The Gallery: What to Expect for Cybersecurity in 2017


Greg served as the nation’s first Department of Homeland Security (DHS) assistant secretary for cybersecurity, and as a professional staff on the House Science Committee.  Austin helps lead the Congressional Staffer Technology Working Group, comprised of about 80 different Congressional offices. 

Looking into 2017, we face difficulties on the cybersecurity front on many different levels.  Austin said defining the cybersecurity responsibilities in Congress with the various sub committees will be challenging, and jurisdictional concerns will be heightened.  Because of recent legislation aimed at reorganizing and strengthening cybersecurity efforts with the Department of Homeland Security (DHS), there will be an opportunity to examine these issues more closely.

Another substantial issue that will be at the forefront is the Internet of Things (IoT) and digitally connected devices.  There is talk about the possibility of a physical world kinetic attack, including threats against critical infrastructure and industrial control systems that operate infrastructure.   Austin said these flashpoint events are starting to become top-of-mind for lawmakers, and his committee is currently working on cybersecurity assurance.  Discussions will also be had about what’s the appropriate role of the federal government –specifically DHS, NIST, FCC — including appropriate oversight and guidance as well as reaching out to private sector partners.  Austin also said there is already some conversations about regulating IoT—without over meddling.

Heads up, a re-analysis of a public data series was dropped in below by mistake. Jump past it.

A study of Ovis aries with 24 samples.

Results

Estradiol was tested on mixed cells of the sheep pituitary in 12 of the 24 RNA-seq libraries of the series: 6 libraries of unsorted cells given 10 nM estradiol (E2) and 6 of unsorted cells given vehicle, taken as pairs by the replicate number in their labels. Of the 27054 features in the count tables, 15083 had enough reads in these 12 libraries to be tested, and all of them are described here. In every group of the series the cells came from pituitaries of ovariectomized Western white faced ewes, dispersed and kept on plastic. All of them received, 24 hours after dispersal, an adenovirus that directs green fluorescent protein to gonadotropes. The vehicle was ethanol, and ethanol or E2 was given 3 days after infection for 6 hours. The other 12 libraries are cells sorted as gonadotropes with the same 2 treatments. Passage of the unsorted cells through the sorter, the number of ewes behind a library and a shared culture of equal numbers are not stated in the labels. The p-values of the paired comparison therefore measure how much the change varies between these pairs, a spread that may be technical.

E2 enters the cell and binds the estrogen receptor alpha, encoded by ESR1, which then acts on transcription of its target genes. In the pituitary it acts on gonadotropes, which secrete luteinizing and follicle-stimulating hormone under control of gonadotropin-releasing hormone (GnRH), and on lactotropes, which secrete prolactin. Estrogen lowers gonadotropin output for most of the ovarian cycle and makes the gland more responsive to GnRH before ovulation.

Austin welcomed greater engagement with the private sector and invited them to work with CompTIA, and to come to the Hill and have conversations with his team about best practices. He looks forward to getting a highly-informed perspective on cybersecurity and what it looks like in practice for those on the ground.

Greg Garcia of Signal Group next discussed Trump administration priorities as they relate to possible cybersecurity policy.  He said that the new administration’s infrastructure spending priority will spur demand for digital next generation platforms and services (including IoT, smart cities and smart states) and the security solutions to protect them.  However, funding sources will be politically charged and to be determined.

Greg said Trump’s general deregulatory stance countered by cybersecurity policy statements suggest a potential for more regulatory/DOD-oriented posture; e.g., demanding an encryption backdoor on iPhones for surveillance.  Trump’s denials of Russian hacking notwithstanding, he added that we should expect more confrontational and retaliatory cyber operations, and the potential for damaging blowback. He noted that Trump’s calling for a reevaluation of cybersecurity critical infrastructure by the DOD and Joint Chiefs of Staff implies a potential shift in policy away from DHS jurisdiction.

He also discussed the business opportunities that exist for the private sector, including a DHS State Cyber Grants program.  Currently, there are two draft bills in the House and Senate that would establish a dedicated DHS Cyber Grant program for the states.  In fact, Signal is launching a coalition of companies—which includes CompTIA –to support that legislation.  The idea is to drive more funding to the states which are underfunding cybersecurity and, as a result, can’t take advantage DHS programs, standards of practice and training.  Without the states having some fundamental cybersecurity architecture, education, and training, they can’t take advantage of those DHS services.  Garcia said this is an opportunity to build out the state government’s information budgets, and to do it in a way that really addresses the administration’s infrastructure investments and may play out in more smart cities initiatives.

You can take a listen here.

David Logsdon, senior director of public advocacy for CompTIA. In this role, he runs the association’s New and Emerging Technologies Committee (focused on the policy surrounding social, mobile, big data/data analytics, cloud, the Internet of Things, and smart cities.